Lib Dems in call for all state teachers to be qualified
Andrew Grice has been Political Editor of The Independent since 1998. He was previously Political Editor of The Sunday Times, where he worked for 10 years, and he has been a Westminster-based journalist since 1982. His column, Inside Politics, appears in The Independent each Saturday.
Friday 13 June 2014
Tensions in the Coalition over education will erupt again today when the Liberal Democrats call for every state school to follow the national curriculum and employ properly qualified teachers.
The Lib Dem manifesto at next year’s general election will include a “parental guarantee” that all children will be taught a core curriculum and by qualified teachers. The pledge moves Lib Dem policy closer to Labour and away from the Conservatives, who allow academies and free schools to depart from the national curriculum and employ unqualified teachers.
Nick Clegg’s move follows allegations that some schools in Birmingham promoted Islamic extremism. A senior Lib Dem source said: “Many people will have been shocked by the revelations in Birmingham this week that show how easy it is for some schools to drop subjects parents might think are important but which might not fit with a particular governor’s point of view.”
The Lib Dems accused the Conservatives of inconsistency, pointing to calls by Michael Gove, the Education Secretary, for all schools to promote “British values” while denying academies and free schools a means of ensuring that through the curriculum.
Mr Clegg insisted: “Lib Dems want more teachers and schools to enjoy freedom from Whitehall diktats. Under the Lib Dems there will be no return to the bad old days of Labour where teachers received a constant barrage of emails, regulations and guidance telling them how to run their school. But that does not mean parents and children should not have some basic safeguards."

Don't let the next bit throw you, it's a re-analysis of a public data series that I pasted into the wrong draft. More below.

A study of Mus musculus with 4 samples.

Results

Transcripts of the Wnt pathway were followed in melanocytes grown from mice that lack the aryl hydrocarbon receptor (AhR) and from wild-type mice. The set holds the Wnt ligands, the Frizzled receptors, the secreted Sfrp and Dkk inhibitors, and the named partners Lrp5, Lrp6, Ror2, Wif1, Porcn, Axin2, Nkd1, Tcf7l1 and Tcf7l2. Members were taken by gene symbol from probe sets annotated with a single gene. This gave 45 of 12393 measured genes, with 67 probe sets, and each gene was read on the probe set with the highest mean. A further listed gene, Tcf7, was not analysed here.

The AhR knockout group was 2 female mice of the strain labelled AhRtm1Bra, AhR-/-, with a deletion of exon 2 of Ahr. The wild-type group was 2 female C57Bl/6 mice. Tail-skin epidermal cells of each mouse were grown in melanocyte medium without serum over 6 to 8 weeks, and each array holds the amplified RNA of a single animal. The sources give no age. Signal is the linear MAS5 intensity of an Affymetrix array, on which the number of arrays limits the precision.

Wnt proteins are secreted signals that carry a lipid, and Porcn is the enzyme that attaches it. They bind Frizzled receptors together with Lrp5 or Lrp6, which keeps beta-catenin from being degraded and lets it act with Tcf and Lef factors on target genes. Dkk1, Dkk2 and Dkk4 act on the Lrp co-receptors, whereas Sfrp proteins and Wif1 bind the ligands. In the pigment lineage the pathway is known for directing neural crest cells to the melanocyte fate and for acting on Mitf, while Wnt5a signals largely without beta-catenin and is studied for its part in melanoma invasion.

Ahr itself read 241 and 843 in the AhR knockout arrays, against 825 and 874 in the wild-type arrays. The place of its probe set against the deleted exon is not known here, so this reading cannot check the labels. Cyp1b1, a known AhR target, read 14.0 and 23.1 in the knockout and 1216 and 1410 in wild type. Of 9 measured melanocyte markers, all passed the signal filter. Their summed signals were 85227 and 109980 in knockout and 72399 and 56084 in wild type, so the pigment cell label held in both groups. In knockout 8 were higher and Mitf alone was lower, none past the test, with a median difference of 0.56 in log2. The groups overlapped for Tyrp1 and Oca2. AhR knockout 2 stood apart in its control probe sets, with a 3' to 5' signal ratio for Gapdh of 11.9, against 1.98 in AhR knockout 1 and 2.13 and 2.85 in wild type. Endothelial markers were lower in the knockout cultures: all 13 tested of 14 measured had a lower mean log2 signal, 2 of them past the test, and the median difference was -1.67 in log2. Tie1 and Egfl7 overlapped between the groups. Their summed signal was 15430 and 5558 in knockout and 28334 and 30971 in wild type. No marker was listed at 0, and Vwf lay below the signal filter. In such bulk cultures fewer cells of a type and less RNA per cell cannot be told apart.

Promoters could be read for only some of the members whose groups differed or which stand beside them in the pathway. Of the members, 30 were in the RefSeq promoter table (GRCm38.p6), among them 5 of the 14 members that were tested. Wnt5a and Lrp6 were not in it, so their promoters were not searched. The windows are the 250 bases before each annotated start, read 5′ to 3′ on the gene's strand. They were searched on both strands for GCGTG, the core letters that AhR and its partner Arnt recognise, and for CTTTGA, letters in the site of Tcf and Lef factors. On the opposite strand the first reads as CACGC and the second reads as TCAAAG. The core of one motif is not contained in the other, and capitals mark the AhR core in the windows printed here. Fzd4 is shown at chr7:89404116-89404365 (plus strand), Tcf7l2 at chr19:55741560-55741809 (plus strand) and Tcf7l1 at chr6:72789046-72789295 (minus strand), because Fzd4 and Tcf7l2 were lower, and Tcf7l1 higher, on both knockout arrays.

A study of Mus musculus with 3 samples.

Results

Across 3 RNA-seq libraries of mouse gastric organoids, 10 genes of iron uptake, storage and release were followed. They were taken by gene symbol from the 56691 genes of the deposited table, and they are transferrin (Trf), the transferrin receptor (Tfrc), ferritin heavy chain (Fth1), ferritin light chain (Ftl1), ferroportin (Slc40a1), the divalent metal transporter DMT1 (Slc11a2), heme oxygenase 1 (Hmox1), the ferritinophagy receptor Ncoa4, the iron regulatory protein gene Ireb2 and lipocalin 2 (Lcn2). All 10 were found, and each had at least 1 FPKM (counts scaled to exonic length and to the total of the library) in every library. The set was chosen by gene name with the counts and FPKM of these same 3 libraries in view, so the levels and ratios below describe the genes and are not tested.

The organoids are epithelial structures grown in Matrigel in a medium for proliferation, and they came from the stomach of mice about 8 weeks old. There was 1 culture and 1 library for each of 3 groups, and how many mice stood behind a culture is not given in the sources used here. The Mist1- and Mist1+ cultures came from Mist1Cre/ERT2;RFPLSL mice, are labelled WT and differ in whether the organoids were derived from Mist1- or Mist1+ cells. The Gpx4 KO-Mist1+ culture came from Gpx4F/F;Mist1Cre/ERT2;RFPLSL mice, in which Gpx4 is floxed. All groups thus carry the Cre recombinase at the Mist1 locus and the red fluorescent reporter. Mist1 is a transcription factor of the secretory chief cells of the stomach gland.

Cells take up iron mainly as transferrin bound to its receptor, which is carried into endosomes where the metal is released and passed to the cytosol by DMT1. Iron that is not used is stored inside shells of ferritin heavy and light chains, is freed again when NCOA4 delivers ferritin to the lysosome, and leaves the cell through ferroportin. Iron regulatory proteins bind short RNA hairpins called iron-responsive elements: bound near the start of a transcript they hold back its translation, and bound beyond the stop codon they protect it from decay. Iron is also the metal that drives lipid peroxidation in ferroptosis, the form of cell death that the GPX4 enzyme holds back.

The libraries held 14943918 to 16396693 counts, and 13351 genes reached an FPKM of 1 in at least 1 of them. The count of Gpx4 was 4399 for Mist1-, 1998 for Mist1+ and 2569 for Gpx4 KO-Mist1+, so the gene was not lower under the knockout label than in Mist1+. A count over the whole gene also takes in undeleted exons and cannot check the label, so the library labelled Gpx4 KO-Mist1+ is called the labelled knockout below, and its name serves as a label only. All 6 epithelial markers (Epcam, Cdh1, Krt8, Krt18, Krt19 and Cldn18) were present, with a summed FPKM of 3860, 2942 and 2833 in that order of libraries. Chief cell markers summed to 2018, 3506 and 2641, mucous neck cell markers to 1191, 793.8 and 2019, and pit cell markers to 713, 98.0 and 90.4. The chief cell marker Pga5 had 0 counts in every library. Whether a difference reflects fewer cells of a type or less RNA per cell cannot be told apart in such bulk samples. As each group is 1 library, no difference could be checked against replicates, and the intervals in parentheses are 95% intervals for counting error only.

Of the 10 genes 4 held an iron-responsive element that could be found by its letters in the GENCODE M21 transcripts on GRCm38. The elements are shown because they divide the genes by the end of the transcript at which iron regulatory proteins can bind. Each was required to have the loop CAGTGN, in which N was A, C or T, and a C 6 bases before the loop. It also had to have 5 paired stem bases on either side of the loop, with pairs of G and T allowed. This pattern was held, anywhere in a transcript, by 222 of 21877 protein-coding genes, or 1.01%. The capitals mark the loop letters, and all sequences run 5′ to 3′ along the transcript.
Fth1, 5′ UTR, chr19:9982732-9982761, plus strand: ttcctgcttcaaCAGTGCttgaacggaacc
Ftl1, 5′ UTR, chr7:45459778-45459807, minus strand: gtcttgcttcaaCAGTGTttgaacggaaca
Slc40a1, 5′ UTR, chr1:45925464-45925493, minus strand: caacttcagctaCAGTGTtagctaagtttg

The Deputy Prime Minister added: “There is no reason why a child attending an academy or free school should not enjoy the same basic right to be taught by a qualified teacher or to follow a core curriculum as any other child. These changes will guarantee parents that, whichever school their child attends; they will enjoy a world class education that will help them fulfil their potential.”
David Laws, the Lib Dem Schools Minister, said: “Education will be at the heart of the Lib Dem manifesto in 2015 and ensuring there is a qualified teacher using a core curriculum in every classroom will be at its centre. We know that these reforms enjoy the support of teachers and parents and respond to the recommendations of Ofsted made this week.”
The party’s manifesto will say that commitment that by September 2016 every school would employ teachers that are properly qualified, or working towards a teaching qualification. All schools would deliver a core curriculum, set by independent experts, including the essential skills and knowledge that every child needs to succeed.
A Conservative Party source said: “The Lib Dems helped us massively extend academy freedoms by voting for the Academies Act in 2010. It’s thanks to the votes of Lib Dem MPs that 4,000 schools now have the freedom to set their own curriculum, compared to just 203 schools four years ago. It’s obviously a shame if the Lib Dems now want to roll back those freedoms. We are taking power away from politicians and bureaucrats in Whitehall and handing it to heads and teachers, as they are the ones who know their pupils best.”
The two Coalition parties have also clashed over Mr Gove’s proposals to reform GCSEs; the inspection regime for chains of academies and Mr Clegg’s plans to provide free school meals for all five-to-seven year olds.